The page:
Oh the cakes you'll make

Whimsical yummy bakes!

Vibrant, splendid things

Slices to make us sing!

Inspired by Dr. Seuss' Oh, the Places I'll Go, this checkerboard cake is a colorful display of magical cakery! I had never made a checkerboard cake before, so for a first attempt, it wasn't as challenging as I thought it might be, which means you can do it too!

Even if it had been a checkerboard fail, it tasted delicious! I used a traditional vanilla cake with a hint of lemon in the layers and covered in Swiss meringue buttercream. The wonky little trees are cake pops.

Dr. Seuss Checkerboard Cake

Prep Time: 4 hours

Cook Time: 25 minutes

Total Time: 4 hours, 25 minutes

Yield: 10–12 servings


3 and 3/4 cups sifted all-purpose flour

2 teaspoons baking powder

3/4 teaspoon baking soda

1 teaspoon salt

1 and 1/2 cups unsalted butter, softened to

2 cups granulated sugar

5 large eggs, at room temperature

3 teaspoons pure vanilla extract

3 teaspoons of lemon extract (optional)

1 and 3/4 cups buttermilk, at room temperature

1/4 cup rainbow sprinkles (plus more for garnish)

2–3 drops food color of choice

Swiss meringue frosting


1. Preheat oven to 350°F (177°C). Grease four 8-inch pans.

2. Make the cake: Whisk the flour, baking powder, baking soda, and salt together in a large bowl. Set aside. Using a handheld or stand mixer fitted with a paddle attachment, beat the butter on high speed until smooth and creamy, about 1 minute. Add the sugar and beat on high speed for 5 full minutes until creamed together fairly well. Scrape down the sides and bottom of the bowl with a rubber spatula as needed. On medium-high speed, add 1 whole egg at a time, beating well after each addition, about 30 seconds. Beat in the vanilla extract (and lemon if using). Scrape down the sides and bottom of the bowl as needed.

3. With the mixer on low speed, add the dry ingredients in three additions alternating with the buttermilk, beginning and ending with the dry ingredients, and mixing each addition just until incorporated. Do not overmix this batter. The batter will be smooth, velvety, and slightly thick.

4. There will be 8 cups of batter total. Depending on how many colored layers you want, divide the batter eventually between bowls. I used 4 colors, so I transferred 2 cups of batter into 4 bowls. I dyed 3 bowls of batter and left one vanilla, adding ¼ cup sprinkles to the vanilla batter. Pour batter evenly into prepared cake pans. Use an offset spatula to smooth the cake into the pans evenly.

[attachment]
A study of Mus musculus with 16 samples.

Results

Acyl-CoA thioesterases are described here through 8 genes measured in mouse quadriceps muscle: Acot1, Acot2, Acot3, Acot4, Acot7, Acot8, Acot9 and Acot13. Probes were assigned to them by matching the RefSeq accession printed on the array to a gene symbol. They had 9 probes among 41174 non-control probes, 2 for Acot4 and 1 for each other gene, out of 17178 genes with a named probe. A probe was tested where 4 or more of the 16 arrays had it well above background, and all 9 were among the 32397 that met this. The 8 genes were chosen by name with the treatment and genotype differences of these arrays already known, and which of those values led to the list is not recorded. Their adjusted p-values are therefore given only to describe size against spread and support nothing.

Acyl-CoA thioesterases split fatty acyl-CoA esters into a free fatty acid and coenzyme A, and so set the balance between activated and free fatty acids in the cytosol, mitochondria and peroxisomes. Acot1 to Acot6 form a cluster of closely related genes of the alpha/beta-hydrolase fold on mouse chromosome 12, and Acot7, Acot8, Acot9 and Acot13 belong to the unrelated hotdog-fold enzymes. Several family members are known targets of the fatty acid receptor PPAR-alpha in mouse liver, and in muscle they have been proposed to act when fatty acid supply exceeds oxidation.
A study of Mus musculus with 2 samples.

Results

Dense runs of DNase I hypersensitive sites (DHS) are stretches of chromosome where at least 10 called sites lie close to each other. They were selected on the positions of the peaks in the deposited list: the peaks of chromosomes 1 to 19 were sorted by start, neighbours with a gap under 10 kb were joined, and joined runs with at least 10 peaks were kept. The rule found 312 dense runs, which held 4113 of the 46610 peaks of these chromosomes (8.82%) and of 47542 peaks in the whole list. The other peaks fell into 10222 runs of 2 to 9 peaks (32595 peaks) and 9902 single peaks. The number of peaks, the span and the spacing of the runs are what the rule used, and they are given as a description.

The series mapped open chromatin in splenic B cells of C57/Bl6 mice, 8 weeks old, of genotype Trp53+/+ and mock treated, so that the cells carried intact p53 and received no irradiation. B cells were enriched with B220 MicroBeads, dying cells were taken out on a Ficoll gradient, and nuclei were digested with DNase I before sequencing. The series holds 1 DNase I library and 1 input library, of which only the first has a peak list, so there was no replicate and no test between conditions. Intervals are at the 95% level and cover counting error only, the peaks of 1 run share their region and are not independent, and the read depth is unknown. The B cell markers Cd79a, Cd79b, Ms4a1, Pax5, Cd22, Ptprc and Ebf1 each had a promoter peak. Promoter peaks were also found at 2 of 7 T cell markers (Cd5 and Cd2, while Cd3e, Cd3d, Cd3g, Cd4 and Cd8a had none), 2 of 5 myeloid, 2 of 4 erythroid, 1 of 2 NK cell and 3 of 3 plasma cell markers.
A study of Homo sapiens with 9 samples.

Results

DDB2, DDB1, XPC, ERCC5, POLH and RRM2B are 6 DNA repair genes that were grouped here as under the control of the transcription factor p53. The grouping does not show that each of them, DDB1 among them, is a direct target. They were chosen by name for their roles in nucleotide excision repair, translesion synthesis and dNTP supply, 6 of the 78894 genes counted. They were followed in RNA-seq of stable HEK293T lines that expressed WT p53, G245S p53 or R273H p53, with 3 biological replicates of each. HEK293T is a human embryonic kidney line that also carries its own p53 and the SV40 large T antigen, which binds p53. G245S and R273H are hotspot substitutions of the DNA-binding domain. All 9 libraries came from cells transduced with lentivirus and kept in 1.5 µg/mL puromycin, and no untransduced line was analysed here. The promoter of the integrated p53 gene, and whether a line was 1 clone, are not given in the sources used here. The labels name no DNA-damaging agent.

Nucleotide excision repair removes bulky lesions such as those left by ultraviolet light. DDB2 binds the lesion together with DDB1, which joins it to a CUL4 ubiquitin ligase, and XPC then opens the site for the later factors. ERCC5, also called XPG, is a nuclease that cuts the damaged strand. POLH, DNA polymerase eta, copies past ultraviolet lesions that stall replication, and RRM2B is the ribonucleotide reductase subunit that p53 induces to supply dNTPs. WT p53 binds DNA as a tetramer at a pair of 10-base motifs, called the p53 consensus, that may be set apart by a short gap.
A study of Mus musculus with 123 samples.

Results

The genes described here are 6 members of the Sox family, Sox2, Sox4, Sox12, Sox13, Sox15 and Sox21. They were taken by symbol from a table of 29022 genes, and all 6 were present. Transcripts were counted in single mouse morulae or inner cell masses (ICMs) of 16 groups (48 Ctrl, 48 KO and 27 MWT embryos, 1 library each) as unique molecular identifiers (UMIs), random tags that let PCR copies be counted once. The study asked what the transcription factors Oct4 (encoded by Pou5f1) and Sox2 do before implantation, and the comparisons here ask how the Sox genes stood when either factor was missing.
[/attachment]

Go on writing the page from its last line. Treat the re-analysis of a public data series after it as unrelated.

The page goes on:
5. After baking for 20 minutes, start checking for doneness. Insert a toothpick into the center of the cake. If it comes out clean, it is done. Allow cakes to cool completely in the pans set on a wire rack. The cakes must be completely cool before frosting and assembling.

6. Using a 6-inch round cookie cutter, cut a circle into each cooled cake. Using a 3-inch round cookie cutter, cut a circle out of the 6-inch circle. You will have 4 3-inch circles, 4 6-inch circles (the outlines), and 4 9-inch circles (which are just a thin outline of cake since the centers are missing). Find wonderful videos online for a step-by-step visual of this process.

7. Make the frosting of choice. I prefer Swiss Meringue because it’s less sweet than traditional American buttercream, it’s easy to spread, and it holds its shape well.

8. Assemble the cake: Place one assembled cake round onto a serving plate or cake stand. Spread frosting evenly on top. Repeat with next 3 layers, icing in between each layer. Spread the remaining frosting all over the top and sides. I did a light crumb coating and put into the fridge to chill for 30 minutes. Then I added more frosting to finish off the cake with a nice layer. Decorate top and sides of cake with extra sprinkles, if desired.

9. Refrigerate the cake for at least an hour before slicing and serving, which allows for a nice, neat cut when serving.

10. Cover and store leftover cake at room temperature for 1–2 days or in the refrigerator for up to 1 week.